Tackling sleep problems in epilepsy with CBT

Can't sleep? Dr Hugh Selsick looks at how cognitive behavioural therapy may be the answer to your insomnia.

Cognitive behavioural therapy is a talking therapy that helps you manage problems by changing the way you think and behave. Cognitive behavioural therapy for insomnia (CBT-i) is about changing the way you think about sleep and then addressing any dysfunctional sleep habits and anxieties.

People think that insomnia is not fixable without drugs, that they will never re-establish a healthy sleep/wake balance. But this is almost never the case, even with conditions such as epilepsy. The important thing to remember is that whatever causes insomnia, it is not a barrier to it getting better.

We see many people with epilepsy in our clinics and CBT-i can be very helpful. However, because the treatment can lead to a brief period where people sleep a bit less before they sleep more, and a reduction in sleep time can trigger seizures for some people with the condition, the therapy has to be taken at a slower pace and should always be managed by a healthcare professional, as described below.

At our clinics, we  teach CBT-i through five 90-minute group therapy sessions. These are not traditional group sharing sessions, but rather teaching sessions.

How we think about sleep

We begin by changing the way people think about sleep. People think that if they don't sleep, their body won't recover from the day and that the insomnia will shorten their lifespan. But there is very little evidence to suggest that this is the case and just knowing that insomnia is not going to kill them, often reduces anxiety considerably.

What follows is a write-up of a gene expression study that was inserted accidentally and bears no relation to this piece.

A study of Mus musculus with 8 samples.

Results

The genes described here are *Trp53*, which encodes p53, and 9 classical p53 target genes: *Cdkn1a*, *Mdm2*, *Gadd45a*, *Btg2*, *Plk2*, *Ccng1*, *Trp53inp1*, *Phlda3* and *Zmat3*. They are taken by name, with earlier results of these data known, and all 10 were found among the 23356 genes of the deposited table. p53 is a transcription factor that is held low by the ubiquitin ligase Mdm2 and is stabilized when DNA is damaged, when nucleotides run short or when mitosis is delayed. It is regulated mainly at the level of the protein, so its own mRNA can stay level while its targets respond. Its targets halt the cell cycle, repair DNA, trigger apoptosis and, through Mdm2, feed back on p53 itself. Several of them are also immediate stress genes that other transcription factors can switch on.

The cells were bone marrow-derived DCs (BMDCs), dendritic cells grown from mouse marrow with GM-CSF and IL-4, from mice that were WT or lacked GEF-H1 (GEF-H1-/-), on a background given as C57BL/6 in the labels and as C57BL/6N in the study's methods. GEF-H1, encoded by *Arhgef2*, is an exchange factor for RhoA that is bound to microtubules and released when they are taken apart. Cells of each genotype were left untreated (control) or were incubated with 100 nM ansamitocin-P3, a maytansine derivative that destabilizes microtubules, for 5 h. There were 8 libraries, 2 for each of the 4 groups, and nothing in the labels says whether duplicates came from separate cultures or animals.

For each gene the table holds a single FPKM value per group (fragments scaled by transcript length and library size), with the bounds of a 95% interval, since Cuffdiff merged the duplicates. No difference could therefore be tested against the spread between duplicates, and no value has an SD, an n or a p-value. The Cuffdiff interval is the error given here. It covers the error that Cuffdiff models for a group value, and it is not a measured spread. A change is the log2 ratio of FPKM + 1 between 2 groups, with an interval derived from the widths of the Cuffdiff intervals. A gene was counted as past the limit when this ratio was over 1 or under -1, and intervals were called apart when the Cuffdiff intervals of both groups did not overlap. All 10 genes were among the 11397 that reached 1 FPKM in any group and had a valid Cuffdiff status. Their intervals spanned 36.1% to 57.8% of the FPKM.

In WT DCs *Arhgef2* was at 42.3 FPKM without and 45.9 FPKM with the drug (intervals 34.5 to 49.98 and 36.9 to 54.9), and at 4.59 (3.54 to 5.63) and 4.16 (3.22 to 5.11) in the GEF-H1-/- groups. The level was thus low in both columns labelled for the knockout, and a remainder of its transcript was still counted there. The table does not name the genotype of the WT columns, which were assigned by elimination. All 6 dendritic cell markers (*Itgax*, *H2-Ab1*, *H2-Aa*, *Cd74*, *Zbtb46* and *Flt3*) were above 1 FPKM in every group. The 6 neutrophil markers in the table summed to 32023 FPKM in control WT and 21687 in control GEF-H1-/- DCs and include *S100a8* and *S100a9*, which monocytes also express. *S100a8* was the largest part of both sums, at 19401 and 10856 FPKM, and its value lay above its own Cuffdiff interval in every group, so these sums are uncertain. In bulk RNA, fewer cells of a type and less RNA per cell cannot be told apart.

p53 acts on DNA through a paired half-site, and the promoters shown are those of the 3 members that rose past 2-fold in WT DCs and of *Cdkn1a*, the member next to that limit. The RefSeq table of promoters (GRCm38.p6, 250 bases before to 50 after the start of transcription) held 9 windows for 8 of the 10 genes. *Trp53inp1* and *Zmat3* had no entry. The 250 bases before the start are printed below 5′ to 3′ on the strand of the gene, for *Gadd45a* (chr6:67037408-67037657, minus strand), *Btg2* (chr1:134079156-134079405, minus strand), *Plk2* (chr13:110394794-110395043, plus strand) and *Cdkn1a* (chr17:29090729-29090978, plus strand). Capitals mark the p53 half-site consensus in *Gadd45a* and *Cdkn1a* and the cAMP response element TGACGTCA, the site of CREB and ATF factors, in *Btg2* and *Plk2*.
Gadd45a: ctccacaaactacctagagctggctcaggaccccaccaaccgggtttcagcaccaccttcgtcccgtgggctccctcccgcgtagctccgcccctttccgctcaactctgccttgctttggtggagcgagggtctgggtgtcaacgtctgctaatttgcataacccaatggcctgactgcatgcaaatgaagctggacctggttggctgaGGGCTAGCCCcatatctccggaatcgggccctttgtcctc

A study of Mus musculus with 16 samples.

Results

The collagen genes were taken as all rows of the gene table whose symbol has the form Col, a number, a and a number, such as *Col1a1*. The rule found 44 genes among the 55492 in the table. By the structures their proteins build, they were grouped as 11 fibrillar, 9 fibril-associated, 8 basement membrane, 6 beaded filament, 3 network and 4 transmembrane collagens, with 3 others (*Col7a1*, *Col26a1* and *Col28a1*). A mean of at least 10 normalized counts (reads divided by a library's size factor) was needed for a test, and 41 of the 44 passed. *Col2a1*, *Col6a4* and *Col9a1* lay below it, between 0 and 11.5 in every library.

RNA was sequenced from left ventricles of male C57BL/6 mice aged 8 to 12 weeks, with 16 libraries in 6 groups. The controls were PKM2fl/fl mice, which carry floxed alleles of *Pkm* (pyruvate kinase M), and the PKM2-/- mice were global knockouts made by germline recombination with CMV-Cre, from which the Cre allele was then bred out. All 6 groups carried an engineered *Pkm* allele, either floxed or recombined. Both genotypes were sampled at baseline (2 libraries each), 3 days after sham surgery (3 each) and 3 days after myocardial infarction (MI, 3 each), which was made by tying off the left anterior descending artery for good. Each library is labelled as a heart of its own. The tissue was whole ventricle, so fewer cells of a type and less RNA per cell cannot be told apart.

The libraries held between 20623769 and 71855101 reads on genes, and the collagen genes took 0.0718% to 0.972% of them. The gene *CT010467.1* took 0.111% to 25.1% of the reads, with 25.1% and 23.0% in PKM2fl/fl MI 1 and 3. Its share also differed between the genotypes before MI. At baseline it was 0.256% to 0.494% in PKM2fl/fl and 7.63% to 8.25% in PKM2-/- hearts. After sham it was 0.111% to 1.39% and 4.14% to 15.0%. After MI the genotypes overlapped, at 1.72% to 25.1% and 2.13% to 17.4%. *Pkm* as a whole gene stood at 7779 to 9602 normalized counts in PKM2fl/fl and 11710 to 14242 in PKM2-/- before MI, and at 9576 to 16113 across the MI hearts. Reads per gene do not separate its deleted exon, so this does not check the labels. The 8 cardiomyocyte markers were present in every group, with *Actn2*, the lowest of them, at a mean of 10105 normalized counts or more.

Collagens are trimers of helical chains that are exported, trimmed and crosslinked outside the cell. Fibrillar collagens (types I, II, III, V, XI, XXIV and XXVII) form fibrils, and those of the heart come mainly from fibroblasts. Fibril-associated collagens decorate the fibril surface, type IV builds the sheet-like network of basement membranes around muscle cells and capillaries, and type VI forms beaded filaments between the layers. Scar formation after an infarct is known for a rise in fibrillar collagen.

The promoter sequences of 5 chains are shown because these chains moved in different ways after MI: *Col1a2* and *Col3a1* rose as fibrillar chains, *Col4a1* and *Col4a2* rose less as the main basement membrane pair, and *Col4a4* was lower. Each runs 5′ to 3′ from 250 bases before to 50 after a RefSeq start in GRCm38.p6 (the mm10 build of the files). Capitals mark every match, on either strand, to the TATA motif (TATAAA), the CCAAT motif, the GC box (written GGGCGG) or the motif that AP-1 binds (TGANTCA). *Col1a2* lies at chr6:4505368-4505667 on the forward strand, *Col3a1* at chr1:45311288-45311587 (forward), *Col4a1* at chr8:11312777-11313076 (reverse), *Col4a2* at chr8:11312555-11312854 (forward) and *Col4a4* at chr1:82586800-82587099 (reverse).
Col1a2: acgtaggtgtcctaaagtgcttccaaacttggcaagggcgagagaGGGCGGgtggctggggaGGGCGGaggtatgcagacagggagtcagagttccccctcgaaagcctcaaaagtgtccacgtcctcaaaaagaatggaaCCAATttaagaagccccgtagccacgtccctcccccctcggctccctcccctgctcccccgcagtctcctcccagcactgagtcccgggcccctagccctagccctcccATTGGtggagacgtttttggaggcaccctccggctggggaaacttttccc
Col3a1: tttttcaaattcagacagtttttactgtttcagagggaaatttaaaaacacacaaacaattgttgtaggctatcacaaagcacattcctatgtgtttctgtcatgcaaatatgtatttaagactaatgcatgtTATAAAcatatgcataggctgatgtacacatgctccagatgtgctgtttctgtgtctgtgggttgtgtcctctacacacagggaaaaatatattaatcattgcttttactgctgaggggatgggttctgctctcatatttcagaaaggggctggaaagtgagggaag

People who are struggling with sleep  often have a fantasy that 'good' sleepers sleep all night, every night and are awake and alert all day, every day. But even good sleepers can wake up several times a night and will have an occasional run of sleepless nights. No-one is alert and lively all day every day.

Then there is the myth of the eight hour sleep. This is hammered into us from the time that we are children and it can be difficult to break that concept down. But the truth is that the amount of sleep that is right for us varies from individual to individual. We each need the amount of sleep that will allow us to feel alert most of the time, most days of the week.

Good sleeping habits

Our behavioural techniques begin with two golden rules.

  • Make sure you have a cut off point for caffeine intake
  • Keep your bedroom cool.

The traditional cut off time for caffeine is 4pm but if you are having trouble sleeping, I would recommend bringing that forward to 1 or 2pm.

It is a myth that a warm, cosy room is good for sleeping. At night your body wants to lose heat. Warmth is disruptive. The ideal temperature for your bedroom is 18 degrees celsius. You should be warm and cosy under your duvet but a little nippy if you go to the bathroom. This enables you to regulate your body temperature.

To continue reading this article and to find out more about filling up your body's sleep fuel tank and improving quality of sleep in the latest edition of our magazine Epilepsy Review.

Dr Hugh Selsick is a consultant psychiatrist working in sleep medicine, based at the Royal London Hospital for Integrated Medicine.

Get your copy of Epilepsy Review

Find out how to get your copy of Epilepsy Review on a regular basis and at the same time benefit from being a member of Epilepsy Society. This issue of Epilepsy Review also includes the latest results of the trials into the cannabis-based drug, cannabidiol, for the treatment of epilepsy:making sure you get free prescriptions on the NHS for epilepsy; and a look at the difference 21 years of MRI scanning has made in the diagnosis and treatment of epilepsy.